Raspberries! Is there any berry that is synonymous with summer more than raspberries? Serve with ice cream, eat them out of hand — however you do it – you know it’s summer if you are snacking on fresh, locally-grown raspberries. And you can do that in your own backyard.
Right now (August 2020) we have Rubus ideaus ‘Heritage’ in stock. This is a fall bearing selection of red raspberry. In addition to providing tasty fruit for your garden, Rubus ideaus is recognized by pollination experts as providing nutrition for bees, as well as nesting material. (https://www.wildflower.org/plants/result.php?id_plant=ruid). Birds and butterflies will also visit your plants.
Raspberries are easy to grow. There is no need to fuss about pests, diseases, or general maintenance. All you need is a space in full sun, well-draining soil, some rain throughout the season, and the space for them to grow. That’s it! But, if you’d like a few more details, keep reading.
How to Grow
‘Heritage’ is self-fertile – so you only need one plant. If you do have room for more than one, they will help each other bear a heavier crop. You will enjoy the plant in spring as its delightful pink blossoms are visited by pollinators. These ‘busy bees’ are preparing your plants to set fruit. (The plants here at the nursery have berries on them already.)
Heritage grows about 5’–6′ tall with a spread of 3–4′. It is a quick grower, putting on one to two feet of growth year. Their rounded shaped means you do not need to stake or trellis them. Apply a clean mulch about 4” deep on initial planting. Some experts recommend that you establish a permanent sod cover between rows of bramble berries, rather than mulch after the first year.
Fall-bearing red raspberries such as “Heritage’ produce two crops—the summer crop is produced on the previous year’s growth. The late summer, early fall crop appears at the tips of the current year’s growth. ‘Heritage’ will continue to bear fruit through frost and the fruits hold up under a light frost.
If you want to prune to manage yield, there are several approaches:
- To Produce Two Crops (early summer, and fall): In Spring, prune out all weak, diseased, and damaged canes at ground level. Leave the largest, most vigorous canes. Cut back the tips of the canes that remain, removing the upper one-third.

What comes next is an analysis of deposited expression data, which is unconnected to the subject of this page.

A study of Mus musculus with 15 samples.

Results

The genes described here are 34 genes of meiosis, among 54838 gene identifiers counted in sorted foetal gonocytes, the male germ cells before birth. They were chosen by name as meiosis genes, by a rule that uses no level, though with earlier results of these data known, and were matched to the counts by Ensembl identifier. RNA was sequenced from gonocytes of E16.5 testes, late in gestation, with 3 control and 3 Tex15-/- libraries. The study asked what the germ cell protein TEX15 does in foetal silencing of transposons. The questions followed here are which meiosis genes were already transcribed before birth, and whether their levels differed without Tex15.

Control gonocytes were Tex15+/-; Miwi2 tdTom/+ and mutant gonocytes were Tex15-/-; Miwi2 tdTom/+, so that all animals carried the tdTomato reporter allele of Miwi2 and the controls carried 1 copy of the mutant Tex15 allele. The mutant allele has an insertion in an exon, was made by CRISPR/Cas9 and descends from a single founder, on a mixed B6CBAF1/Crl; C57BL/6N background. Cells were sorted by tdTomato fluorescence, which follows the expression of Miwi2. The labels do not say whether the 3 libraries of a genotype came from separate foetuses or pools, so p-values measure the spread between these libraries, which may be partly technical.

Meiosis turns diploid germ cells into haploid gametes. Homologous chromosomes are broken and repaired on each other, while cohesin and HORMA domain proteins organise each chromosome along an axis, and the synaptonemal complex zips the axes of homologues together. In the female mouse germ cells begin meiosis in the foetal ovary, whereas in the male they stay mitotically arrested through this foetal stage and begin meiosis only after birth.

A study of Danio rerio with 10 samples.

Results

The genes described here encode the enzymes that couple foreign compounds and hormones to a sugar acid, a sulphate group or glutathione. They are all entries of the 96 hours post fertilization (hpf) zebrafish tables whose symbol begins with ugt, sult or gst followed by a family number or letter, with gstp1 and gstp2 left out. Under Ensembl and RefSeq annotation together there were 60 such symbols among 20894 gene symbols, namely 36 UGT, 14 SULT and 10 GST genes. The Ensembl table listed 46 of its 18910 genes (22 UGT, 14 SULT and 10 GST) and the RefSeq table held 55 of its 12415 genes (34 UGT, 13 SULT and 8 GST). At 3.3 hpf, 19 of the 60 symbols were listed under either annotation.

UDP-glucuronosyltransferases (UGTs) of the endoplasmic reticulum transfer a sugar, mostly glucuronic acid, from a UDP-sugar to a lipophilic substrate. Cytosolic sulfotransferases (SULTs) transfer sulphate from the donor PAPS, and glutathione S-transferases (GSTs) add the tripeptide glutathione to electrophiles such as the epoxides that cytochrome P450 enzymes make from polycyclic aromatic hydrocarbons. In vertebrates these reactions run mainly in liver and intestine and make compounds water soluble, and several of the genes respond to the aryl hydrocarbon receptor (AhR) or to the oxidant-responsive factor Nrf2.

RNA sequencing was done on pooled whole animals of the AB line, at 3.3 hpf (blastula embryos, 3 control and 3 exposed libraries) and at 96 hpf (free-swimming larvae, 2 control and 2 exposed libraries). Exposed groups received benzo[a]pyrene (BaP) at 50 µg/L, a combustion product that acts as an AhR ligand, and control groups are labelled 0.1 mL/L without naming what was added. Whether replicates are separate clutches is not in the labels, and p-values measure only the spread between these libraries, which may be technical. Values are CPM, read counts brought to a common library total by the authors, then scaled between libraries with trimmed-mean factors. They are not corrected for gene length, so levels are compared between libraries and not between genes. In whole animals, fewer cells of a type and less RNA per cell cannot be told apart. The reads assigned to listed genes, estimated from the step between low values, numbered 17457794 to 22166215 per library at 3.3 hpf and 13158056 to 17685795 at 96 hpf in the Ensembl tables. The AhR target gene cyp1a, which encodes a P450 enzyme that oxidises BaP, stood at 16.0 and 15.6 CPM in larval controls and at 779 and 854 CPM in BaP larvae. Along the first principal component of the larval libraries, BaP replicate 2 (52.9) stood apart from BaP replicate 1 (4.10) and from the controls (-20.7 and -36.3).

- To Produce One Larger Crop (fall): in early spring, prune all canes back to the ground. This will result in a single crop in late summer or early fall. You won’t get the early summer crop on the older canes, but you will get a vigorous crop on the new canes in the fall.
- The Lazy Approach: Prune out any canes that are bothering you, or going in a haphazard direction, whenever you need to. You will still get berries!
- However you choose to prune, in the fall do not cut out the dying canes that fruited that summer. These canes help the plant survive dormancy. (https://www.finegardening.com/article/pruning-red-raspberries)
The Long Haul
If you wish the yields on our plants were higher or the berries plumper, make sure the plant is getting about an inch of water a week. Once the berries are set, up to 4″ of water a week will help them become plump and juicy.
Nitrogen fertilizer will help your plants remain vigorous and fruiting.
Consider adding a second plant to aid in increased pollination.
If your plants are very thick, full, and lush, it may be competing against itself for nutrients and water. The dense foliage may be creating shady moist conditions that favor fungal diseases.
If this is the case, do some thinning pruning. Remove selective canes to allow plenty of sunlight and air to penetrate the bramble. You’ll have bigger, healthier crops and a much easier time picking those sweet red berries.
If you’ve reached this far in our article and are feeling overwhelmed, remember that raspberry plants have grown for eons on the planet without human help. Plant one today to get started. You can learn the rest as you go along. Any raspberry is better than no raspberry — right? ENJOY!